In the October 2009 Field & Stream, you’ll see a fun cover story titled “Welcome to Deer Camp.” One of the “Camp Philosophy” sidebars caught my eye; its title was “Support the Locals.” Although that particular deer camp was in Upper Michigan, the basic idea would sure work around here. Check it out:
“A few days before they arrive, members of Stevens Camp fax a list to Sune’s market, a local grocery. The goods are bagged and ready to go when they get there. The tab generally runs around $1,000. ‘It might cost a little more than bringing groceries from home,’ says camp member Rodney Driggett. ‘But if you support the locals, they appreciate it.’ That spirit extends to philanthropy. The camp donates a few bucks to local charities, such as the local volunteer fire department and the Drummond Island Sportsman’s Club. ‘Folks take care of us now,’ says Chuck Decker. ‘Keep an eye on the cabin. Pull us out of the mud. And you should see what Sune’s does with our groceries. Our T-bones look like porterhouses.’”
What a great camp philosophy! (And not just for deer camp, by the way.)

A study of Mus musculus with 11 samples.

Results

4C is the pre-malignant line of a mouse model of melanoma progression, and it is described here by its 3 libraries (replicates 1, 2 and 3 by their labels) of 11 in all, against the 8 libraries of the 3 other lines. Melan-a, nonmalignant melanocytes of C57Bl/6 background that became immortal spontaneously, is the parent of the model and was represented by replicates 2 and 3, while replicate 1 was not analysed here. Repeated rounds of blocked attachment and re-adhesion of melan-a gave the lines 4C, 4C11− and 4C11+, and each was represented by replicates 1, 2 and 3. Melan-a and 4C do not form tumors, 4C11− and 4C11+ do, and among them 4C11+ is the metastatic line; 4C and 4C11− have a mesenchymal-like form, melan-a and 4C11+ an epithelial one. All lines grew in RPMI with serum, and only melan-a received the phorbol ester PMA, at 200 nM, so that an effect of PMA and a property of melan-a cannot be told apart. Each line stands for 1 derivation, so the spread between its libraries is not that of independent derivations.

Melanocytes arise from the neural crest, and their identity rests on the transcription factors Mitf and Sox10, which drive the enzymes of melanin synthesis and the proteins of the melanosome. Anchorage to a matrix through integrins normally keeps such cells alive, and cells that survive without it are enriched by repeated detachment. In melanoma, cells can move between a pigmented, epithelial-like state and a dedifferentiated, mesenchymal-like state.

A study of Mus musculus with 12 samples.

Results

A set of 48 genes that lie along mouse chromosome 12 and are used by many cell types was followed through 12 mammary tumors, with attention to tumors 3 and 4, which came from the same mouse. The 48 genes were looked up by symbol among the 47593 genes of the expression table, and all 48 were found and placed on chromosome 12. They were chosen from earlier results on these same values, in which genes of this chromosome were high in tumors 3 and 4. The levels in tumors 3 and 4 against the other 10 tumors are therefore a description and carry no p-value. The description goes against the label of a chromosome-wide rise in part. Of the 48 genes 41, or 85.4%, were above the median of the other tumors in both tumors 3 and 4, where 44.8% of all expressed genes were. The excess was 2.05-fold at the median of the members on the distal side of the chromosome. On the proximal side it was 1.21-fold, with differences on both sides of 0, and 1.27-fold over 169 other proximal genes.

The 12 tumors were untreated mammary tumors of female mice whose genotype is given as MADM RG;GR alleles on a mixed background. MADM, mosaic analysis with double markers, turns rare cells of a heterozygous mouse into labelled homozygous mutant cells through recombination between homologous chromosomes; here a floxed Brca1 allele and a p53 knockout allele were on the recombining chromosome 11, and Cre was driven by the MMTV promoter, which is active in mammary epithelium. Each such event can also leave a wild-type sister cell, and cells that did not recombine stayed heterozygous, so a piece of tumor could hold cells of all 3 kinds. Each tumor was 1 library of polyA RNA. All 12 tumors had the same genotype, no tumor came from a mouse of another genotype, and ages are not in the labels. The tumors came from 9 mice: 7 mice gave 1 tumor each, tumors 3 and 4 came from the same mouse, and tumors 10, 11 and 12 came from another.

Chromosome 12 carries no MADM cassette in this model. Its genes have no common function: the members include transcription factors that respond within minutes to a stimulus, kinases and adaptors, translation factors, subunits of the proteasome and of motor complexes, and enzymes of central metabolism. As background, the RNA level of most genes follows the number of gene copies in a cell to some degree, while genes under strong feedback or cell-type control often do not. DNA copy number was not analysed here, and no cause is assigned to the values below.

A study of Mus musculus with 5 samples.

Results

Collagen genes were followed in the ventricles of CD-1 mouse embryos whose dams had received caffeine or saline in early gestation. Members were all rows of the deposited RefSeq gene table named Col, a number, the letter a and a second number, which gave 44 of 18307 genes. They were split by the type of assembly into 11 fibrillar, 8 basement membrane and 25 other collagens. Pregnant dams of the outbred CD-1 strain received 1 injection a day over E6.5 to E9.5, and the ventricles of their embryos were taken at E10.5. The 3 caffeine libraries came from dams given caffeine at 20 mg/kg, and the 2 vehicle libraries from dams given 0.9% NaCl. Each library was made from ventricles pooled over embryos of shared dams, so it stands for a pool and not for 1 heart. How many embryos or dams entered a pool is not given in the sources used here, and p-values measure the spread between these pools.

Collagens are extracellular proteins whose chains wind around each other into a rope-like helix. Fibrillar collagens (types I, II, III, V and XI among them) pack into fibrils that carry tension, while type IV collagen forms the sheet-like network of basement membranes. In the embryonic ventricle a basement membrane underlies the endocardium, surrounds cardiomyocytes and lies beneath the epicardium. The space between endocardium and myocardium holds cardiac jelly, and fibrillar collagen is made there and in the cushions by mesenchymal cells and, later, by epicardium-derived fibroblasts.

In Northwest Wisconsin, most of the smallest grocery stores have computers and fax machines. (How do you think they order their stuff?) If not, we do have mail delivery out here in the woods. Ask about pre-orders next time you’re up here.
And if you don’t always get around to planning that far ahead, consider leaving for the hunting shack—or, as the case may be, your cabin at the lake—a half-hour earlier. Shop where you play.
By the way, that $1,000 grocery tab for those guys hunting the UP? Your mileage may vary. That was for six or eight hungry hunters staying the entire week. It may have also including a few cases of “refreshments.” Those are available in Northern Wisconsin, too—at most grocery stores, and even one or two hardware stores. Plus, we do have a few taverns and liquor stores that would appreciate your business.
And if you prefer wines from the top shelf, you might be pleasantly surprised at the selection you’ll find at certain liquor stores—and even grocery and hardware stores. For decades, these stores have been catering to the vacationers, weekenders, and, yes, locals who do have more sophisticated palates. If you know your Beaujolais from your Boone’s Farm, don’t despair.
As for fresh venison, however, you’re on your own. So good luck, good fishing, and bon appetit!